Cecil Gaines (Forest Whitaker) grew up on a cotton farm. When he finally leaves that horrible place, he gets a job as a butler at a hotel and eventually works his way up to becoming a butler at the White House. Cecil served eight presidencies. He does his job well, but he's conflicted when his oldest son, Louis (played mostly by David Oyelowo) joins a group that is fighting for their civil rights in the south. Obviously he's concerned about all the danger there, but Louis wants to do what's right.
This film was very moving. I'm finding it quite hard to put it into words. Like all of Lee Daniels' movies, this felt raw and at times a little to real. Civil rights movies are always hard to watch. It's disgusting to see our fellow humans act that way. Daniels isn't shy with showing us the ugly side of all of this, but he does sneak in some really sweet and affectionate scenes every now and then. The score at the end of the film was so spectacular I almost think it deserved a standing ovation.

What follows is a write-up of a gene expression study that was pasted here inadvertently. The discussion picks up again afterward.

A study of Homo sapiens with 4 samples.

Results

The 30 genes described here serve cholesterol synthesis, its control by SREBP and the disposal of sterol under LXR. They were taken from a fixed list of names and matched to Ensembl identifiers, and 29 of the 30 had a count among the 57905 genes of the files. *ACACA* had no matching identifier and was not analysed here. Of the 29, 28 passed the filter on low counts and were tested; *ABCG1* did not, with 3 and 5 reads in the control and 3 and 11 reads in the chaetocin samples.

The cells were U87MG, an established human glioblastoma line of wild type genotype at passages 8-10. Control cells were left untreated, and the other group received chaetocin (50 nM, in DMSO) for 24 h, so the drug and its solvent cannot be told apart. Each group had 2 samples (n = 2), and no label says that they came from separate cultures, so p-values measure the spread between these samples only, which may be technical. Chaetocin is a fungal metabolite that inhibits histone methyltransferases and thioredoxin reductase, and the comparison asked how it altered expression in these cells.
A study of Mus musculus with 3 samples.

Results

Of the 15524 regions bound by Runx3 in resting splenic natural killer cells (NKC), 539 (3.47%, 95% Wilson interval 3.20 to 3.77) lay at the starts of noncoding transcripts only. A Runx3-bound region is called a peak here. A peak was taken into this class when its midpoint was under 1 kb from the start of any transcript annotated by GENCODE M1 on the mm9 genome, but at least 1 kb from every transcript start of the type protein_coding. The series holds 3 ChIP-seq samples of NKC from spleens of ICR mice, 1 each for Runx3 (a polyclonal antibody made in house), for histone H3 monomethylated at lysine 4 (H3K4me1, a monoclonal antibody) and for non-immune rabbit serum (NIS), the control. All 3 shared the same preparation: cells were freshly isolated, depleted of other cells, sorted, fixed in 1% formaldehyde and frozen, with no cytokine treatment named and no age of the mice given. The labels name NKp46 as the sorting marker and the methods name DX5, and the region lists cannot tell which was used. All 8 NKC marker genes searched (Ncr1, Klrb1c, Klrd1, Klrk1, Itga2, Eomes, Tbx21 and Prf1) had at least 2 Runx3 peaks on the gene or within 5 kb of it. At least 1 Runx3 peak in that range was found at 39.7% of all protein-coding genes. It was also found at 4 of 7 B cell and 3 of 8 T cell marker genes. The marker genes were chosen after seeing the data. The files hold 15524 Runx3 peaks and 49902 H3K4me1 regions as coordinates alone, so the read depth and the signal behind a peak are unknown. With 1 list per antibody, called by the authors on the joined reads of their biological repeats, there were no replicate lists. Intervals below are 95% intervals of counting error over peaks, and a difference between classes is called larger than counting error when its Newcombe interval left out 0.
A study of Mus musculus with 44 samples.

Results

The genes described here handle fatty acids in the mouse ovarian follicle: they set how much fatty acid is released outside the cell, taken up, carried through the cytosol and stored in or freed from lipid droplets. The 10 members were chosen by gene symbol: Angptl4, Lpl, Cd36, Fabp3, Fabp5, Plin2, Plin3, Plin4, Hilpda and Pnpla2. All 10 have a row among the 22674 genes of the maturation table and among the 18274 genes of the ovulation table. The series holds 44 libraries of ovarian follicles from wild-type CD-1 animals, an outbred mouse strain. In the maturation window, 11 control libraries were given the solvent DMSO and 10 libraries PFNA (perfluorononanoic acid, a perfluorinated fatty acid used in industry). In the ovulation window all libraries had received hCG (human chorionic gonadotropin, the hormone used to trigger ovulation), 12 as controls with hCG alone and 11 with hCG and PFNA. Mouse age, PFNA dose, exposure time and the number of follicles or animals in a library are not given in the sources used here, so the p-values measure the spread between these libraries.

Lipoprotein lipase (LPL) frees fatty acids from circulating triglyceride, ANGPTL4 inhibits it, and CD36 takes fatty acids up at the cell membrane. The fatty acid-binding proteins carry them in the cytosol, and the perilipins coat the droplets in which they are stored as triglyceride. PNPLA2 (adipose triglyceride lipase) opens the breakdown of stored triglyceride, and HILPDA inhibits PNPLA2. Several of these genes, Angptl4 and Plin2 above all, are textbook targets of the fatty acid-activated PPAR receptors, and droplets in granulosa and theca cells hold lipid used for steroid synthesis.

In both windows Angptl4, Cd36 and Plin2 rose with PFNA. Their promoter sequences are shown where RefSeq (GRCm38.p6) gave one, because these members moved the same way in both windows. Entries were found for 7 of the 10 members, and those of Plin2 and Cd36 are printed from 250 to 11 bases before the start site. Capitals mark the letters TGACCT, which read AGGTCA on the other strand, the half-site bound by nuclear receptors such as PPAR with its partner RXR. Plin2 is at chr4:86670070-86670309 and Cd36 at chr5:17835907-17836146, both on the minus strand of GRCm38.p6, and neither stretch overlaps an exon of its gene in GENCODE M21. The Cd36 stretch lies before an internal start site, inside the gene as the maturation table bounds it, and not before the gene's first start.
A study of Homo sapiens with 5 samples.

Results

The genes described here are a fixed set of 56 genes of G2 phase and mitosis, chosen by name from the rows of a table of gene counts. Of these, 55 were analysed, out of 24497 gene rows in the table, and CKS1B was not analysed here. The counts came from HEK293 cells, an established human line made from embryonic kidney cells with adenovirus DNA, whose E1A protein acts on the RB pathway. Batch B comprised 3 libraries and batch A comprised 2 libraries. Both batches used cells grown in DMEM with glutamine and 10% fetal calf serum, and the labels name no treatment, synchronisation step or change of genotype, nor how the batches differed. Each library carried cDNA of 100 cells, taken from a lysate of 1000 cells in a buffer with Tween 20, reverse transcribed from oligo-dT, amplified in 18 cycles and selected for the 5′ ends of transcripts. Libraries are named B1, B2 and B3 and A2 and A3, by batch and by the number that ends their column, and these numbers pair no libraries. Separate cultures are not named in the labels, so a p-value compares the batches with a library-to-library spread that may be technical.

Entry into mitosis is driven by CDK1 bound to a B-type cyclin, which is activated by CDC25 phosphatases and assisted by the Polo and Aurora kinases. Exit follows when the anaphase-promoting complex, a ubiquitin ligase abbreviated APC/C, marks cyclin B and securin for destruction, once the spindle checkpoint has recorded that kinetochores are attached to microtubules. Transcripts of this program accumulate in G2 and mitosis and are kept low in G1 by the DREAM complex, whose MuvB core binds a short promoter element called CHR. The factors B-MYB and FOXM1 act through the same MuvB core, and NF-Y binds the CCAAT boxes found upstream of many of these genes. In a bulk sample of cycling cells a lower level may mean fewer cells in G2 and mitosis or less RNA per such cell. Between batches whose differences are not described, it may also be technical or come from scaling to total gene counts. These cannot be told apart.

Whitaker gives a fine performance, as does Oyelowo and Oprah Winfrey who plays his wife. This film is littered with cameos from Robin Williams, James Marsden, John Cusak, Liev Schriber, and Alan Rickman playing past Presidents. To Nelis Ellis playin Dr. Martin Luther King Jr. A great supporting cast featuring Lenny Kravitz, Elijah Kelley, Cuba Gooding Jr. The only bad part is we're subject to a few minutes of Terrence Howard and Alex Pettyfer.
Will this film be a big Oscar contender? Maybe. It definitely feels like one. I continue to be a big fan of Lee Daniels' work. I can't wait to see what he does next.
Memorable Quote: "Don't use that word, it's a white man's word and full of hate."